Children with dog.


4 min read

Mass. General study finds that the loss of a pet can potentially trigger mental health issues in children

The death of a family pet can trigger a sense of grief in children that is profound and prolonged, and can potentially lead to subsequent mental health issues, according to a new study by researchers at Massachusetts General Hospital (MGH). 

In a paper appearing in European Child & Adolescent Psychiatry, the team found that the strong emotional attachment of youngsters to pets might result in measurable psychological distress that can serve as an indicator of depression in children and adolescents for as long as three years or more after the loss of a beloved pet.

“One of the first major losses a child will encounter is likely to be the death of a pet, and the impact can be traumatic, especially when that pet feels like a member of the family,” said Katherine Crawford, previously with the Center for Genomic Medicine at MGH, and lead author of the study. “We found this experience of pet death is often associated with elevated mental health symptoms in children, and that parents and physicians need to recognize and take those symptoms seriously, not simply brush them off.”

Roughly half of households in developed countries own at least one pet. And as the MGH investigators reported, the bonds that children form with pets can resemble secure human relationships in terms of providing affection, protection and reassurance. Previous studies have shown that children often turn to pets for comfort and to voice their fears and emotional experiences. While the increased empathy, self-esteem and social competence that often flow from this interaction is clearly beneficial, the downside is the exposure of children to the death of a pet which, the MGH study found, occurs with 63 percent of children with pets during their first seven years of life. 

“Having someone to talk to in a sympathetic or therapeutic way may be extremely helpful for a child who is grieving.”

Katherine Crawford, lead author

Prior research has focused on the attachment of adults to pets and the consequences of an animal’s death. The MGH team is the first to examine mental health responses in children. Their analysis is based on a sample of 6,260 children from the Avon Longitudinal Study of Parents and Children (ALSPAC), in Bristol, England. This population-based sample is replete with data collected from mothers and children that enabled researchers to track the experience of pet ownership and pet loss from a child’s early age up to eight years.

 “Thanks to this cohort, we were able to analyze the mental and emotional health of children after examining their experiences with pet death over an extended period,” said Erin Dunn, with the MGH Center for Genomic Medicine and Department of Psychiatry, and senior author of the study. “And we observed that the association between exposure to a pet’s death and psychopathology symptoms in childhood occurred regardless of the child’s socio-economic status or hardships they had already endured in their young lives.”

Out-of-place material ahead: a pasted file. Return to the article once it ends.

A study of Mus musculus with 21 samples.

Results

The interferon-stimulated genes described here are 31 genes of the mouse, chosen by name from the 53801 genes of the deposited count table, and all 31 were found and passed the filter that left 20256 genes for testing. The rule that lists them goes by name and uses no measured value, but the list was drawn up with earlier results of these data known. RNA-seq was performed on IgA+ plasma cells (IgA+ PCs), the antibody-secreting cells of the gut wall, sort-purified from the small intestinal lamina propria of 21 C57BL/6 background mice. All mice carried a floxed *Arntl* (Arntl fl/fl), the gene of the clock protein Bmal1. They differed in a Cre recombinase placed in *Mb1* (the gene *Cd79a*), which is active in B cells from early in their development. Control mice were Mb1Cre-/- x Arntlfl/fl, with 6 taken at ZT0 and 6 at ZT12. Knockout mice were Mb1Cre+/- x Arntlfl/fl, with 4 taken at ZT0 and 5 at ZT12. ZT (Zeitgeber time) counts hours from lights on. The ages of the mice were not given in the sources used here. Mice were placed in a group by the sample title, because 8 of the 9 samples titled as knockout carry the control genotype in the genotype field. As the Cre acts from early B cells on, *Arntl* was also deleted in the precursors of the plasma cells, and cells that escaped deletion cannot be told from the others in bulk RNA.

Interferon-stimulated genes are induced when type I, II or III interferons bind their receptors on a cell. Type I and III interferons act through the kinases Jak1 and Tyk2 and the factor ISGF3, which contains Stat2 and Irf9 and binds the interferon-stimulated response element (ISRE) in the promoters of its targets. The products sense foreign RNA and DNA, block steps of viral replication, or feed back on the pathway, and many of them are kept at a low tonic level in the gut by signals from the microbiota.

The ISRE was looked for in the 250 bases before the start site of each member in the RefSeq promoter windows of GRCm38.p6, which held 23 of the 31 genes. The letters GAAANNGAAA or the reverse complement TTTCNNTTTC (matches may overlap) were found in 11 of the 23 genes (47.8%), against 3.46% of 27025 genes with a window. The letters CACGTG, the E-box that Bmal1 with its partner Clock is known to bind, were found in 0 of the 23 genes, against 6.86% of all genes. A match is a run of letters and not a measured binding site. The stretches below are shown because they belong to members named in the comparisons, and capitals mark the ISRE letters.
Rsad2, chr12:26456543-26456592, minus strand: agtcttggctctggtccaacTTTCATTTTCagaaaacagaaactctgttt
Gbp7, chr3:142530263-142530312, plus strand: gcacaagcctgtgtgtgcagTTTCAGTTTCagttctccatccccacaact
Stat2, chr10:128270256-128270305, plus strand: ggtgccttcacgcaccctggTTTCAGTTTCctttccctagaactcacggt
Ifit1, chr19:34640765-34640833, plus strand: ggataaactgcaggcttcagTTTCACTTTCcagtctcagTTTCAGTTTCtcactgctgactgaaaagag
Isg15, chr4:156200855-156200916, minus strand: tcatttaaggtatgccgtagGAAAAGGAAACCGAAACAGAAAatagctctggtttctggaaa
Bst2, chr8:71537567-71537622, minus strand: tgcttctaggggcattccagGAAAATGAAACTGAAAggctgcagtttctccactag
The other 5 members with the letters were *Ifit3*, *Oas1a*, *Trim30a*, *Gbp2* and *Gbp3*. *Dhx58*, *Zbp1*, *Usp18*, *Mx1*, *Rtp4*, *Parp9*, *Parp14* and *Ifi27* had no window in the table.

Researchers also learned that the relationship between pet death and increased psychopathology was more pronounced in male than female children — a finding that surprised them in light of prior research — and that the strength of the association was independent of when the pet’s death occurred during childhood, and how many times or how recently it occurred. According to Dunn, this latter finding speaks to “the durability of the bond with pets that is formed at a very early age, and how it can affect children across their development.”

The MGH study stressed the importance of parents, caregivers and pediatricians recognizing and taking seriously the short- and long-term psychological reactions of children to the death of a pet — reactions which can mimic a child’s response to the loss of other important family members. “Adults need to pay attention to whether those feelings are deeper and more profound and if they’re lasting longer than might have been expected,” says Crawford. “They could be signs of complicated grief and having someone to talk to in a sympathetic or therapeutic way may be extremely helpful for a child who is grieving.”

Lead author Crawford is a genetic counselor previously with the Center for Genomic Medicine, MGH, now at Women & Infants Hospital of Rhode Island. Senior author Dunn is assistant professor with the Psychiatric and Neurodevelopmental Genetics Unit, in the Center for Genomics Medicine, and the Department of Psychiatry. Co-author Yiwen Zhu is a data analyst in the Center for Genomic Medicine.